Great value in a highly portable package
This is a well designed unit, with small thoughtful touches such as rough grooving along one side for a better grip, and a built-in USB cable.
While there is nothing here that blew my socks off, it did meet my expectations for performance in a highly portable unit at this price point.
The sub-HD resolution sensor produces merely satisfactory video.
A functional trio of camcorders, the Panasonic HDC-SD80, TM80, and HS80 are notable for their manual exposure controls (unusual for their price class) and well-designed touch-screen interface, but otherwise you can find better options. Of the three, the SD80 is the best choice simply on price.
images produced are crystal clear
The Panasonic HDC-HS80 is a mid-cost camcorder. The 1MOS sensor of this camcorder is capable of capturing clips at 1920 x 1080 resolution. The HDC-HS80's 42x Intelligent Zoom uses Panasonic's Crystal Engine PRO, a high-resolution processor that helps to record clear videos, even in low-lighting.
Effective image stabilisation
The design of the HDC-HS80 camera is unappealing, as it lacks the modern sleekness of its competitors, and the video quality, while satisfactory, doesn't live up to other cameras within its range. The external LED light and image stabiliser are saving graces for this Panasonic device, although they can't make up for the sheer irritation of the camera's screen and menu features, which make the whole user experience rather unpleasant.
HDC-HS80 is a joy to hold for long periods of time.
If you are looking to upgrade your old camcorder, you won't find much better at this price range. The HDC-HS80 is small and has more features than you can shake a stick at. The lack of advanced manual controls may put some off, but for 90% of home movie recording the HDC-HS80 is fantastic.
Easy-to-use interface and menus
If you're keen on the idea of a projector, then this is the camcorder for you. But if you're not going to use this feature, then it would be better to look for another camcorder in a lower price range. Both the projector and the GPS features would make this unit ideal for travelling; however, if you're looking for a simple, good-quality point-and-shoot camcorder, it would a mistake to commit to this camcorder, given its price.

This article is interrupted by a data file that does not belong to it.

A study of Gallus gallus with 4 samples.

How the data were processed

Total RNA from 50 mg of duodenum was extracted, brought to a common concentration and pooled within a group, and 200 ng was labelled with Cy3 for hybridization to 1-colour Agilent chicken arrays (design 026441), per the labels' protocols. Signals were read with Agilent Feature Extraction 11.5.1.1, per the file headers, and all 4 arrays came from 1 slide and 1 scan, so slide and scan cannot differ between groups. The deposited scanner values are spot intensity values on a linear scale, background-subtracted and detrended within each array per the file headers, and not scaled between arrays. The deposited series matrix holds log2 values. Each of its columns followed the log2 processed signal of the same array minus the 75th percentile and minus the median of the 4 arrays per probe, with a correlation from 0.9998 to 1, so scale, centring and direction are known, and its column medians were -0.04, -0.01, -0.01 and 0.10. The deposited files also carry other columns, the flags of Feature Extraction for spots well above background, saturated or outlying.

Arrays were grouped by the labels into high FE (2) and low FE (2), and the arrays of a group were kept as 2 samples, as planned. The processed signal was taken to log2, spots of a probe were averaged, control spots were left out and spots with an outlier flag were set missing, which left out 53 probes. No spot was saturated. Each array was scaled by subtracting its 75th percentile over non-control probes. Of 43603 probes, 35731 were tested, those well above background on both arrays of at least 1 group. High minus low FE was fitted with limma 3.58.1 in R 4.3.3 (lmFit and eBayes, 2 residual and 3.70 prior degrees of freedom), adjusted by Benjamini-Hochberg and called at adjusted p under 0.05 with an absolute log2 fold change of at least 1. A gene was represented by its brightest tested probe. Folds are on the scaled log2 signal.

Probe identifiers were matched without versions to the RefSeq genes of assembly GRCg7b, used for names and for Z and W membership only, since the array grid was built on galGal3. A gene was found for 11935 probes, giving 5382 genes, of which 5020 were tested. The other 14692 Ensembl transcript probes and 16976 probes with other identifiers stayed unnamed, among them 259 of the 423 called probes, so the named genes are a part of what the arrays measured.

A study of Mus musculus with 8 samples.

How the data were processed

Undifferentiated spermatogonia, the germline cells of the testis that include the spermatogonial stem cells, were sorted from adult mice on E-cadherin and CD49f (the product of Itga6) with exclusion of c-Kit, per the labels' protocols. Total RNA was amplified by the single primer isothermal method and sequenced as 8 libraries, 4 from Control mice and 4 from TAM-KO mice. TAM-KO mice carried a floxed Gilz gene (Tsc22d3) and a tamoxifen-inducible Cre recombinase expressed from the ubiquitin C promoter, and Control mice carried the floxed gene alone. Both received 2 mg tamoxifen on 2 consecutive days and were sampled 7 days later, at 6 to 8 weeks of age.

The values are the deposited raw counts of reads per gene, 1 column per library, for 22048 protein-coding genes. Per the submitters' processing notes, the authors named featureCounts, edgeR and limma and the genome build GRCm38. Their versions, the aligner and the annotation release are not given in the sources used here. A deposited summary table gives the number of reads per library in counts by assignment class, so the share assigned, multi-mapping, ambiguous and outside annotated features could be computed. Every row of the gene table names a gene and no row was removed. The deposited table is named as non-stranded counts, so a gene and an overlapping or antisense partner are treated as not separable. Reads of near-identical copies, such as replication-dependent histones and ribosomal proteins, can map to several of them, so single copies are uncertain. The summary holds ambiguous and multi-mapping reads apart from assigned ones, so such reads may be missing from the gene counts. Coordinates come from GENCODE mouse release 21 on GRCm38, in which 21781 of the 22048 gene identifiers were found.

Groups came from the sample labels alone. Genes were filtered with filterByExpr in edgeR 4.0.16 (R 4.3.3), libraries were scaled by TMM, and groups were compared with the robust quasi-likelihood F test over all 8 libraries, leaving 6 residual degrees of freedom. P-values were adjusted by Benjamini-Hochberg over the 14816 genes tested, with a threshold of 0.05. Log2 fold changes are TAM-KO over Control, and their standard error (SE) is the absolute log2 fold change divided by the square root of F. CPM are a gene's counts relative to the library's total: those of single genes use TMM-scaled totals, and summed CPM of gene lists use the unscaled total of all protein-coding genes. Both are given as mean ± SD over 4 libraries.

Comfortable design and grip
Canon's updates to the HF R32's sensor and processing system were minimal, so we don't expect to see a huge improvement in performance compared to last year's HF R21. What does impress us, however, are the simple design modifications Canon made to the HF R32 that make it a more compact and lighter model than its predecessor.
A true no-brainer camera!
The camera is smaller than I expected but then again we've been using our old Panasonic mini-DVD recorder which is quite a bit bigger. At first I thought it was too small...but after about 5 minutes I got used to the feel of the smaller unit AND truly appreciated the decrease in weight. Our old camera would get heavy in your hand after a while. The zoom moves quickly - I probably just need to practice with it more (again, used to my old one).
Menus are well laid out and easy to navigate
The Handycam HDR-CX130 is an HD camcorder released by Sony, forming one half of the HD lineup. The other half is the higher-end HDR-XR160 model, and while both camcorders share the same improved "Exmor R" CMOS sensor and high zoom capabilities, the HDR-CX130 functions on flash memory while the HDR160 records to an internal hard drive. Improved and more sensitive than before, the HDR-CX130's "Exmor R" CMOS sensor promises better footage in dim lighting conditions, such as indoors or at night.
Good low-light performance
Overall, the Sony HDR-CX130 is an impressive camcorder within its price range. Predictably, Sony has mastered the art of the camera's appearance, making it smooth and sleek with a trendy touchscreen menu and large LCD screen. The functionality of the camera is also a selling point, as any user should be able to pick it up, point and shoot. The image and video quality doesn't necessarily live up to the aesthetics of the camera; however, it performs satisfactorily in comparison to its competitors.
Though more expensive than its projector-less siblings, if you're one of those folks who like to share their holiday videos and school graduations with everyone (and if you have the bad habit of leaving all your videos in the camcorder) the built-in projector provides a nifty way to do so, and using it is easier than hooking up to strange TVs. But if you don't think you're going to use it that way, you're better off saving money and opting for the CX130, or spending it on a better camcorder.